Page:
Neighborhood Nazis

More than 32 million Americans now live under the rules of
homeowners’ associations. Not to be confused with neighborhood
groups, these organizations — alternately referred to as
residential community associations and common interest developments
— are initiated by developers to supervise budding, generally
upscale villages, and membership is usually mandatory. These
quasi-democratic institutions provide amenities from trash pickup
to landscape design. The highest concentration of these suburban
regimes is in the Sun Belt. Nationally, the statistics are
stunning: Since their debut in 19th-century Boston, and a
tremendous boost during Florida’s 1960s condominium boom, the
number of associations has swelled to 150,000 — and growing at the
rate of 10,000 every year.

Critics deride communities represented by homeowner associations
as walled-off worlds where the well-heeled can collectively ignore
problems like crime and fiscal despair. Many association members
consider their rules repressive and needlessly complex.
Nonetheless, these community organizations continue to spring up in
unprecedented numbers. This privatization of government functions
raises a host of vexing societal questions.

Elitism exacts another price as well: Homeowners’ associations
exert more control over their members’ lives than do any municipal,
state, or federal entities.

‘I call it secession by the successful,’ says Evan McKenzie, a
political scientist at the University of Illinois and author of
Privatopia (Yale University Press, 1994), a book dissecting
the blissful illusions associations proffer. ‘When we think about
citizenship in our communities, we think of some concept of rights
and responsibilities. But common interest developments encourage
secessionist mentalities. They give people a variety of incentives
for not seeing themselves as belonging to their city or county,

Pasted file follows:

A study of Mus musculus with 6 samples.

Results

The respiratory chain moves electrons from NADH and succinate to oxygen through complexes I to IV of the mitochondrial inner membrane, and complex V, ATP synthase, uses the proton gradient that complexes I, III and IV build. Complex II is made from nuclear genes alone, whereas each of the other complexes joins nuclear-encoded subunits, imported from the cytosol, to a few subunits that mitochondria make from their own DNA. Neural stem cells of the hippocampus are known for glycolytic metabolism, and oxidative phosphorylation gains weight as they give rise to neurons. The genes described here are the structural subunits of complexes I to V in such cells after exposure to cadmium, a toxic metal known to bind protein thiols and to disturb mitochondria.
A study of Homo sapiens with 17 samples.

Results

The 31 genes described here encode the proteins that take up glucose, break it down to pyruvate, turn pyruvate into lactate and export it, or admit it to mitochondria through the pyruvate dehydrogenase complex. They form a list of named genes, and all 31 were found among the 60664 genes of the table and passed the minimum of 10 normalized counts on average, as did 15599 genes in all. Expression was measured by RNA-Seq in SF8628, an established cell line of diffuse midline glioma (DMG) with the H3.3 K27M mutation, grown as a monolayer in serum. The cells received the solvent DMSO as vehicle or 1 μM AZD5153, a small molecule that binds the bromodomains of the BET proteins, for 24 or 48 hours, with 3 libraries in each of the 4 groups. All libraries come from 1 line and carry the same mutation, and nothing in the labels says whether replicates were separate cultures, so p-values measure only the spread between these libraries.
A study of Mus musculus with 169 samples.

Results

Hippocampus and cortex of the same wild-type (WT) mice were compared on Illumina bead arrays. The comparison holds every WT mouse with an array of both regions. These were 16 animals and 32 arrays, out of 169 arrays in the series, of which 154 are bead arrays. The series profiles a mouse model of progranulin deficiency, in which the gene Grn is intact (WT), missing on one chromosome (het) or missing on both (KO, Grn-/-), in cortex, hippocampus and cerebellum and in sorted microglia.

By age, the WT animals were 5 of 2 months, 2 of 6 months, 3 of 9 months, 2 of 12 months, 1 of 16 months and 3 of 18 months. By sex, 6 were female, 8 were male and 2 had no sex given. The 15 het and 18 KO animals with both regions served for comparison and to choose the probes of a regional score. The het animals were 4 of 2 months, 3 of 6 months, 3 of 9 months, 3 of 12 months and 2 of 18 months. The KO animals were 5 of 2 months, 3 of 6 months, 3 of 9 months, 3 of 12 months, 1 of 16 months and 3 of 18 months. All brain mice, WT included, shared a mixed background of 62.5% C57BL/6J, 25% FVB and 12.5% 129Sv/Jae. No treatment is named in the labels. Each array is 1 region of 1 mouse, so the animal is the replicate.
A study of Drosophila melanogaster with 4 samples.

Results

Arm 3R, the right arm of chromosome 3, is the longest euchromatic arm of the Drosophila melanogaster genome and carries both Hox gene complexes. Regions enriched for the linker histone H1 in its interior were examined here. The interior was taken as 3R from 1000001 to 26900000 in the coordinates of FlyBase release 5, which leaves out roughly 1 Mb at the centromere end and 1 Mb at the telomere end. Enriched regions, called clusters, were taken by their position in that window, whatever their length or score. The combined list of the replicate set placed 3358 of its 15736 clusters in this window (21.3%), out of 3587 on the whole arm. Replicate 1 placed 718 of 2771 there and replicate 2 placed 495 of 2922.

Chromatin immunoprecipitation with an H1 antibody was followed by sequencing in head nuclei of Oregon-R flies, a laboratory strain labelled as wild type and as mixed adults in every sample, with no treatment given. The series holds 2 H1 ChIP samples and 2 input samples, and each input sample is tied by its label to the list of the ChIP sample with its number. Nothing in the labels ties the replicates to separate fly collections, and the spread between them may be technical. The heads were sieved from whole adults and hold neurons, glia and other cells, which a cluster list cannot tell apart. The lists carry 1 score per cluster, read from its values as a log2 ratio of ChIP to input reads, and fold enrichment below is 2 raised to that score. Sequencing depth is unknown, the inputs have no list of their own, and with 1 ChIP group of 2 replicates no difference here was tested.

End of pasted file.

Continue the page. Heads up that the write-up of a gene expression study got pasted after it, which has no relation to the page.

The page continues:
since they belong to associations that provide services such as
recreation centers, swimming pools, and parks. Meanwhile, those
cities and counties shrivel from neglect.’

Elitism exacts another price as well: Associations exert more
control over their members’ lives than do any municipal, state, or
federal entities. They may mandate how many hours a day you may
keep your garage door open, whether you can build a pool in your
backyard, what kind of shrubs get planted out front, and how high
your flagpole can be. Assuming that flagpoles are allowed.

In short, they are not refuges for renegades.

In their early stages, homeowners’ associations are run by
developer-appointed boards of directors, usually made up of
builders working on the development, with one or two homeowners
added to the mix. The boards, in turn, hire outside companies to
handle daily management chores, and to act as buffers between
themselves and agitated residents.

As a rule, appointed board members get most of the votes —
typically about three votes per lot in the project. Homeowners
usually receive one vote per home, no matter how many people live
in the house.

This formula allows developers to retain control of the property
through the association until the community is nearly complete, or
up to some preset date. The association is likewise guided by a set
of codes, covenants, and restrictions — known as CC&Rs —
signed by every home buyer. The CC&Rs remain in effect long
after the developer turns the board over to homeowner-elected
officers and departs. At that point, elected representatives
maintain the rules, which typically can be overturned only by a
‘supermajority,’ or 75 percent of homeowner votes.

Under board tutelage, community parks are established,
recreation centers are built, swimming pools are maintained, and
architectural consistency is imposed, all financed by membership
fees. Associations also lobby state and local governments on a
variety of issues, including land zoning decisions and tax relief
for services they already provide, like garbage collection, and
they’ve won many struggles. In New Jersey, for example, a recent
referendum banned double payment for services.

Problems arise from the associations’ contradictory roles. On
the one hand, they operate as governments. On the other hand,
they’re still private concerns and thereby not subject to
constitutional guarantees like free speech. The courts consider
membership in them voluntary — akin to joining the Elks or Kiwanis
— although many new homes come with associations attached.

‘People who buy into them do give up a large part of their
rights as citizens,’ McKenzie says, adding that associations don’t
always wield their power wisely. The gradation of enforcement
exercised by civil authorities is lacking, he says. ‘For example,
if you cross an empty street in the middle of the block and a cop
sees you, will he give you a fine? Probably not.’

Associations aren’t as flexible: ‘Boards feel it’s their mandate
to enforce every rule every time. And they tend to be made up of
people who have some desire to hold power over their neighbors. The
situation can create neighborhood Hitlers.